Australian Ladies Professional Golf
Olympic Gold a walk in the Park for Inbee
Date: 20th August 2016

Former world number one Inbee Park cruised to victory and Olympic Gold today at Barra de Tijuca, becoming the first Olympic Champion in Women's golf for 116 years.  The recently crowned LPGA Hall-of-famer put on a putting masterclass which left the rest of the field effectively playing for silver and bronze medals on a tough windy day in Rio.

Park, 28, has missed much of the LPGA Tour in 2016 with a thumb injury, but played like she’d never missed a beat. The seven-time major champion missed a number of LPGA tournaments in 2016 including two major championships to ensure that she could compete this week, and was a cut above the field, especially on the greens. Whenever anyone threatened, as Feng did when she got to within 3 shots of Park at one point during the final round, the Korean simply dialled in the putter and made putt after putt to keep the chasers at bay.

Park shot a closing 66, featuring seven birdies, to finish at 16 under, five clear of world No.1 Lydia Ko, of New Zealand who claimed silver, with China’s Shanshan Feng a shot further back taking the bronze medal.

Feng had looked the likely silver medallist most of the afternoon, but played holes 12-17 in one over par, while others, notably Ko, advanced. The Chinese number one three-putted from the fringe of the par-five 18th green to finish at 10 under par, then watched Ko celebrate as she holed from 10 feet to relegate her to bronze.

Australia's newly crowned Olympians Minjee Lee and Su Oh will take away different memories from golf’s return to the Rio Olympics, but one thing is for sure is that they will both be even more focused to make the field in Tokyo in four years time.

The Aussie pair each looked a chance to snatch a medal at different stages of the final round, at one point it looked like nine under might make a playoff for bronze until the world number 1 Ko clicked into gear.

When Lee got to seven under par after three birdies in a row from the 12th hole it seemed the West Australian was in there with a chance of making the podium with three very "birdieable" holes to finish. However she would rue missed birdie opportunities at both 16 and 17 before making a comfortable birdie 4 at the last for a closing round of 67, a great round considering she was 2 over par through 4 holes.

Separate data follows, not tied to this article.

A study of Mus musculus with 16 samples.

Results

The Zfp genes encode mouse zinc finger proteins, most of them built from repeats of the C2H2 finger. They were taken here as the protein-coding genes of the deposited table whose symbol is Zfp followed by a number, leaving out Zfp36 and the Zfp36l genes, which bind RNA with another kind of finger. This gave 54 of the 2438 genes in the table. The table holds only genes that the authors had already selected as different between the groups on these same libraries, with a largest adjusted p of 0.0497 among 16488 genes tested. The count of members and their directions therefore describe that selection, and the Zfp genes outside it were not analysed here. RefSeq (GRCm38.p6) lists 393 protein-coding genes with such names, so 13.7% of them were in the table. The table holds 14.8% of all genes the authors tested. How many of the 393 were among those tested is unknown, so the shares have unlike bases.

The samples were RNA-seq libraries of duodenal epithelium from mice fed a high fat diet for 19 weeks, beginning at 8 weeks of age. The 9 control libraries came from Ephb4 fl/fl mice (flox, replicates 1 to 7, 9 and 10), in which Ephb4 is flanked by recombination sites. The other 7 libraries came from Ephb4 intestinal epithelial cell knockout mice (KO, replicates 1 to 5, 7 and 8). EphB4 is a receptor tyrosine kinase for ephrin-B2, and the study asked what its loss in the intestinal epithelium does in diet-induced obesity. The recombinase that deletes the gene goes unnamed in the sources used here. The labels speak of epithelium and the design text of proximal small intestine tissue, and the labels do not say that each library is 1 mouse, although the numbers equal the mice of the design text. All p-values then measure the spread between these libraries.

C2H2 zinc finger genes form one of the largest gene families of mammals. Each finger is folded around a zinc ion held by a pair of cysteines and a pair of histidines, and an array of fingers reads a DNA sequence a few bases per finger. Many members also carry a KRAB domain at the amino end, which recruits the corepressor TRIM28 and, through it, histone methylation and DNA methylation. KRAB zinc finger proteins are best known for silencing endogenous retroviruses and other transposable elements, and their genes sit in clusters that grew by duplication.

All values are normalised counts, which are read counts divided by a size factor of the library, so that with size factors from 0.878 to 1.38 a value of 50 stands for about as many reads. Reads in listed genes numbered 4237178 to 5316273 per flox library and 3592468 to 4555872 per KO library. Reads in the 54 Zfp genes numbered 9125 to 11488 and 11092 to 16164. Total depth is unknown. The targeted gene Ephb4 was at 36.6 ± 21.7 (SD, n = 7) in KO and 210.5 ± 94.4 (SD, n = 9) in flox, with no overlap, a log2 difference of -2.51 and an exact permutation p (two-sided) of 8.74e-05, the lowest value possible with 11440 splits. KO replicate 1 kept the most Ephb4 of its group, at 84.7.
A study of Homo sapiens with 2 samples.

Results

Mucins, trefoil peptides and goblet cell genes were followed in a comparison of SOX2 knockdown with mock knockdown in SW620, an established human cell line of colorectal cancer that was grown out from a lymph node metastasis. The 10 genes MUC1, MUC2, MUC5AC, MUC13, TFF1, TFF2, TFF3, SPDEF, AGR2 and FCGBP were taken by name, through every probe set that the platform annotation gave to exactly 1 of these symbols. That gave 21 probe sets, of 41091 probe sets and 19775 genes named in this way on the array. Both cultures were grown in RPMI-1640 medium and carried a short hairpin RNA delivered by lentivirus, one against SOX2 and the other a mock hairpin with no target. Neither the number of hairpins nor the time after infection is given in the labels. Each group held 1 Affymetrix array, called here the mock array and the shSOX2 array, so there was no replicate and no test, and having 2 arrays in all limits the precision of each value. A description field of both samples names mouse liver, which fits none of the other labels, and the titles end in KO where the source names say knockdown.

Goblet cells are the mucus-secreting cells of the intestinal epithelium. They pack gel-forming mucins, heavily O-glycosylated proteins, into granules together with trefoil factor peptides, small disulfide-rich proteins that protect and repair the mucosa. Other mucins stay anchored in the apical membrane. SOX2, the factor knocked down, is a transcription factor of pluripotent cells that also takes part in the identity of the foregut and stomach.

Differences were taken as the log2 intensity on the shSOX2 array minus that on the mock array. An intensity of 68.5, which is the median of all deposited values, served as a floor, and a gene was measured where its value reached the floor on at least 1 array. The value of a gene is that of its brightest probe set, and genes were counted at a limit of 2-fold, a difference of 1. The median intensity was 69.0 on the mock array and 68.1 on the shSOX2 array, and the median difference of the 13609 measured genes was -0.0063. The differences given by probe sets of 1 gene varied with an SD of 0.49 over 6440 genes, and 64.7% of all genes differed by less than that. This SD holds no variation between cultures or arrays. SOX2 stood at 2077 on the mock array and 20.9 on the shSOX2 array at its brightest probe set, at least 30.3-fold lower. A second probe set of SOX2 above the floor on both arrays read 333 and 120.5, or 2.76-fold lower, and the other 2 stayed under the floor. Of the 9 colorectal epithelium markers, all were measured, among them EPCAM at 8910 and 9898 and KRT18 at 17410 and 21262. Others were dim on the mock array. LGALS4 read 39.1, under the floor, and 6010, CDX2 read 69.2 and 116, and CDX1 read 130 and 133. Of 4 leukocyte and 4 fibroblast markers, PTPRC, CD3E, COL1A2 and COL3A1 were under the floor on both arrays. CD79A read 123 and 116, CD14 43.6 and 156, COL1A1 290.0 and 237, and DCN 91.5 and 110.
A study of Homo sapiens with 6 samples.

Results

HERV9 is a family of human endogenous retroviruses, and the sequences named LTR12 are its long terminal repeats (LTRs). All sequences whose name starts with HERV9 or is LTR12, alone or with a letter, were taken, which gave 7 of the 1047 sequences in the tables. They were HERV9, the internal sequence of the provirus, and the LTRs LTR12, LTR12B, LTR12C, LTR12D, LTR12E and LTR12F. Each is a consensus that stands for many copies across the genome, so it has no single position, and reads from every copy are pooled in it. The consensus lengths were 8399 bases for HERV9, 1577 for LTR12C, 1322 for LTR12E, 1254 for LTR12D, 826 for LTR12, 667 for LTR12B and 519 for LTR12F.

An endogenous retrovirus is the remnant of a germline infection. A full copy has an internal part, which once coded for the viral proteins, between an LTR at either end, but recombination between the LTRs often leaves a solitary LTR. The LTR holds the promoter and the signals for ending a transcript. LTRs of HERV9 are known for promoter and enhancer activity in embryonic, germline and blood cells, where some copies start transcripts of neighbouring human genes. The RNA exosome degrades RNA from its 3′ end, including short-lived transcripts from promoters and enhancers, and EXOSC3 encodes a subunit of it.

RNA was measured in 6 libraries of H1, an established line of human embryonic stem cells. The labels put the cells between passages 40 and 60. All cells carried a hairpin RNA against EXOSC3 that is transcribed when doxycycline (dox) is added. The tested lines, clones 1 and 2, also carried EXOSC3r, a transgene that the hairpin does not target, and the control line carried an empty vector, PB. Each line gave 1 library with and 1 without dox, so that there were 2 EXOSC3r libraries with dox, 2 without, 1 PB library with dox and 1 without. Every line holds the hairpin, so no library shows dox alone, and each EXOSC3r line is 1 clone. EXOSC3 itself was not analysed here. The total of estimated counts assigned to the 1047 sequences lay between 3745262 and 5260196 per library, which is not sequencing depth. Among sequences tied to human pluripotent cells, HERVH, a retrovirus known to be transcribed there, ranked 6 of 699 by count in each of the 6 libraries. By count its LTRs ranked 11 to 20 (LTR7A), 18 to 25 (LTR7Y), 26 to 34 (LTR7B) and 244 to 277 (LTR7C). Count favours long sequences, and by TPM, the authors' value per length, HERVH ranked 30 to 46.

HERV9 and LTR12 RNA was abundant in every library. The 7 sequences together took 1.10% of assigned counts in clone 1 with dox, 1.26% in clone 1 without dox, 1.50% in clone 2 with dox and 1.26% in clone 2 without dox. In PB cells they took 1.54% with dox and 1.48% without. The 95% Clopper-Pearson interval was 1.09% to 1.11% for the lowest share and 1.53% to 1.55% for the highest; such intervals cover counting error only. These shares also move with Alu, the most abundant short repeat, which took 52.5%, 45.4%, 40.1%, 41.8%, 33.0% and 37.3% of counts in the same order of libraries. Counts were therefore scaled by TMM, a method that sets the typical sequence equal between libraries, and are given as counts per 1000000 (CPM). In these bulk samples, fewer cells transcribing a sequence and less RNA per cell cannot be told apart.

Lee's fighting spirit has been there for all to see this week, she recovered from a horror start to round three to give herself a chance of a medal on sunday. 

“I’m pretty happy with the result, especially after the first nine I was pretty far back,” she said.

 "I’m glad I could make a couple of birdies coming in one on the last to finish on a good note.

“I probably could have made those putts on 16 and 17. But that’s golf – you’re not going to win all of them.

“But I feel good, like I’ve done Australia proud.” Lee would finish in a tie for 7th place

Oh, who also began the day at four under, went damage free through the front nine with just one birdie, a kick-in after a spectacular pitch to the lpar 5 fifth hole. The Victorian leapt into medal contention with birdies on the 10th and 11th holes and when she escaped the tough 12th hole unscathed and 7 under par,  a chance of a medal was on the cards. 

However at the difficult par 4 13th hole, Oh made the mistake of going long and after finding an almost impossible lie in the greenside bunker went on to make a double-bogey which all but ended her chances of a podium finish. 

“I was playing really well, I didn’t do anything bad and just hit one bad shot into a really bad place that I couldn’t recover from. It was the wrong time really. It could have happened on Thursday and I’d have finished in the same place, but it just means more at that time and place."

“That was just the one place you couldn’t really go … and I went there.”

Oh eventually signed for a 70 to leave her tied 13th at five under par.

Both 20-year-olds were full of praise for the Olympic experience and expressed a hope they’ll be in similarly good form in four years when the Games move to Tokyo.

“Normally you play and move on to the next week, but this is all you’ve got. It’s different, I first thought play like another tournament, but it’s not; it’s the Olympics and it’s a special tournament,” Oh said.

“I wanted to do my best because it’s not just another week. It doesn’t come every week.

“When I had that (bad) hole and it’s not like me to get emotional, but I knew I was out of it. I wanted to finish strong and make the best of it.

“But the week overall is unforgettable – that I can call myself an Olympian is quite special. I’m already looking forward to the next one in Tokyo if I can get there again.”

The normally unflappable Lee conceded there was more pressure than a “normal” week on tour.

“You want to medal. You’re always playing for your country, but here you’re really playing for your country. It was such an honour,” she said.

“You always play for Australia, but here you’re really playing for Australia – it’s a different sort of pressure, but it feels good, playing for your whole country.”